Unpublished pictures produced in new book title The Erotic Years
Previously unpublished pictures of French women cavorting and partying with Nazis have emerged, heaping fresh shame on the troubled wartime history of occupied France.
Images show women kissing SS officers in bars and cabarets, posing in bikinis on the beach and enjoying strolls under the Eiffel Tower.
The book, 1940 – 1945: Erotic Years by historian Patrick Buisson, is set to further embarrass the French who have never forgotten life living in close quarters with the enemy under the Vichy regime.
Despite more than two million Frenchmen being held in prisoner-of-war camps, the birth rate boomed in 1942 with an estimated 200,000 children born to Franco-German couples. Up to 30 per cent of births were illegitimate in some parts of Paris.
On June 14, 1940, the Hitler army marched into Paris and stayed for four years. Patrick Buisson, director of France’s History Channel, TF1 and an advisor to President Sarkozy, admits that much of what happened during occupation in France has been brushed under the carpet.
He told the Sunday Times: ‘We’ve had a difficult time facing up to what is not the most glorious page in our history.
‘A lot of what we are taught is mythology. The reality is that people adapted to the occupation.’
The photographs for Mr Buisson’s book were mainly found at car-boot sales and flea markets across Germany having mainly been taken by Nazi soldiers during their time in France.
During an exhibition of similar images in Paris a few years ago, the deputy mayor of the city said he wanted to be sick on seeing the pictures of well-dressed citizens shopping next to a market piled high with fruit and veg, giving no inkling of the wartime hardship France usually likes to complain about.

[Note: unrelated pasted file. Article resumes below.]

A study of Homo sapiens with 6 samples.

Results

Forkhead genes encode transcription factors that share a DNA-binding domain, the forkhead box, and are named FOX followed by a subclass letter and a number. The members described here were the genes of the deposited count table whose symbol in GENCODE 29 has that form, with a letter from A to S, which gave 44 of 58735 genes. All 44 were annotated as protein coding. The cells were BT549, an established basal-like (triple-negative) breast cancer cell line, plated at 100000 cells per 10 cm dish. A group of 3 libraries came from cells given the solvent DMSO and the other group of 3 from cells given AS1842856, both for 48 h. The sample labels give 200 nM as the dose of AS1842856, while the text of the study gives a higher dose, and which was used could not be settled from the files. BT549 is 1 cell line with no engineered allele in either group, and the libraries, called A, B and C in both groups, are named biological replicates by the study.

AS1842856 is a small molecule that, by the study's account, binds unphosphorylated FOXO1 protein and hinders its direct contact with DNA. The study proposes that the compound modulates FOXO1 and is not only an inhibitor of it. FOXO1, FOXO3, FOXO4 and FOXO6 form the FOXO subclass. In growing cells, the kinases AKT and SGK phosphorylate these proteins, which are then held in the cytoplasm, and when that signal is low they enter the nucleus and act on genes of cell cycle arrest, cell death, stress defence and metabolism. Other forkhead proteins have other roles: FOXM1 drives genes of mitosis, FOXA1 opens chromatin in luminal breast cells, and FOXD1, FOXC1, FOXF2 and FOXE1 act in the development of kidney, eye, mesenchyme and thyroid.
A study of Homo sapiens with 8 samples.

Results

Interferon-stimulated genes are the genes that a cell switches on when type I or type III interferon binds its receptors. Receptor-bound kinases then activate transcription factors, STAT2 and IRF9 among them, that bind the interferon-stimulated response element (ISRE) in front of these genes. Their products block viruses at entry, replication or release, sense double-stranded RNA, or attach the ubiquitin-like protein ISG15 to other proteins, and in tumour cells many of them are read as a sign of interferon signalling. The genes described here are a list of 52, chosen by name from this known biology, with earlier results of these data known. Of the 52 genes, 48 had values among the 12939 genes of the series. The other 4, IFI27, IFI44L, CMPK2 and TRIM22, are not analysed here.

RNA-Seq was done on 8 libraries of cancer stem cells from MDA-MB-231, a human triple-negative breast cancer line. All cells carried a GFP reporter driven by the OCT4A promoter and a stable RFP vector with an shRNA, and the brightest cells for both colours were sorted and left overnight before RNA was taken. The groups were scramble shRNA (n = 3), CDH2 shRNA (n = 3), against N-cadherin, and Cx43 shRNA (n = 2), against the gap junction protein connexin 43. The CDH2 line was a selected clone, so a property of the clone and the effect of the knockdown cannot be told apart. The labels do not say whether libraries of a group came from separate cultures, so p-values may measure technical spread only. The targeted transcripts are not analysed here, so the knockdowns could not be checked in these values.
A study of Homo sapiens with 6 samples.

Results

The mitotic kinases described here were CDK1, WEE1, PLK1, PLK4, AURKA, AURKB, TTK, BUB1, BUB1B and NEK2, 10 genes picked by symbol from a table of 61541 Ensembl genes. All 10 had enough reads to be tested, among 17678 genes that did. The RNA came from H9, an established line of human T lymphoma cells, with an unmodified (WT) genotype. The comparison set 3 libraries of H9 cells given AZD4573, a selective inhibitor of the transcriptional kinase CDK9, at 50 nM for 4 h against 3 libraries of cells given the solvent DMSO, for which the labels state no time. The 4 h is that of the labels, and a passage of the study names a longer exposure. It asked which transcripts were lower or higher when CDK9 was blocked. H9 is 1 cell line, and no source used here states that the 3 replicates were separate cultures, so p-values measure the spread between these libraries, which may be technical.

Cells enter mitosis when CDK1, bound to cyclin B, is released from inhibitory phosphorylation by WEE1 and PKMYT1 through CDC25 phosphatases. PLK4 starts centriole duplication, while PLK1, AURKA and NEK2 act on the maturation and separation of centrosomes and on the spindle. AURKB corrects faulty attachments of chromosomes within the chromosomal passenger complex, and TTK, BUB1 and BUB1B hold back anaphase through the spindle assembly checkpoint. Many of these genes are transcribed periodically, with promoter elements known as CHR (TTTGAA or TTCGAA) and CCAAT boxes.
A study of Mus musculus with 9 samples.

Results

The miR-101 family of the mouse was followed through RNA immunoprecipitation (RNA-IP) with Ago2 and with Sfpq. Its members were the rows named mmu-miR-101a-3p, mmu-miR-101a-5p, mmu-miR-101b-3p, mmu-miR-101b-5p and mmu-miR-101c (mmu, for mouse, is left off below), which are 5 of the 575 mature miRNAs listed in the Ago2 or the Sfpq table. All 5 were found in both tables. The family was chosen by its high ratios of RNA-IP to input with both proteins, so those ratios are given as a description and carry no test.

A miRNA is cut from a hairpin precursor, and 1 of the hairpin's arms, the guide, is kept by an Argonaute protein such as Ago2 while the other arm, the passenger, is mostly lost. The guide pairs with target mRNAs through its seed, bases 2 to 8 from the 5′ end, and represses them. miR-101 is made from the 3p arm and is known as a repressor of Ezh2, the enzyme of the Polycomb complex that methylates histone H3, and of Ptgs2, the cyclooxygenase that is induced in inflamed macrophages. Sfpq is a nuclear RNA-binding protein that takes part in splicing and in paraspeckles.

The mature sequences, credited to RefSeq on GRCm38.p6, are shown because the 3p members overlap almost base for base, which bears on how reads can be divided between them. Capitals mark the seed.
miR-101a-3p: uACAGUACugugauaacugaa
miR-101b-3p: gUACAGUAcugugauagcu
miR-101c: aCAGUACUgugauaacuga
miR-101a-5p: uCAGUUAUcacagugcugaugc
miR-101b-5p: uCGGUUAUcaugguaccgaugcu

There was also a theory that French prostitutes were the first rebels against the invaders by refusing to service their needs. However many of the photographs show soldiers cuddling with women in brothels and clubs
Nazi officers took over control of the brothels and expected them to have high standards of hygiene.
Perhaps the most high-profile of Franco-German affairs was between the designer Coco Chanel and the dashing 44-year-old German officer, Baron Hans Guenther von Dincklage.
It was von Dincklage who arranged that Chanel, then 57, stay at the Ritz to manage her business – even though she had closed her designer stores at the beginning of the regime change.
She was recently accused of having worked for German military intelligence during the war.
Chanel was one of many celebrated personalities, including the singers Edith Piaf and Maurice Chevalier, the writer Jean Cocteau and the late president Francois Mitterrand, who remained in her native country following its occupation by German forces in the summer of 1940.
The aged Marshal Petain, who ran the Vichy government, was convicted of collaboration after the war.
He was originally sentenced to death for treason but this was changed to life imprisonment.
He was known to have shamelessly seduced younger staff during the war, while recommending the motto ‘work, family, country’ to the rest of the nation.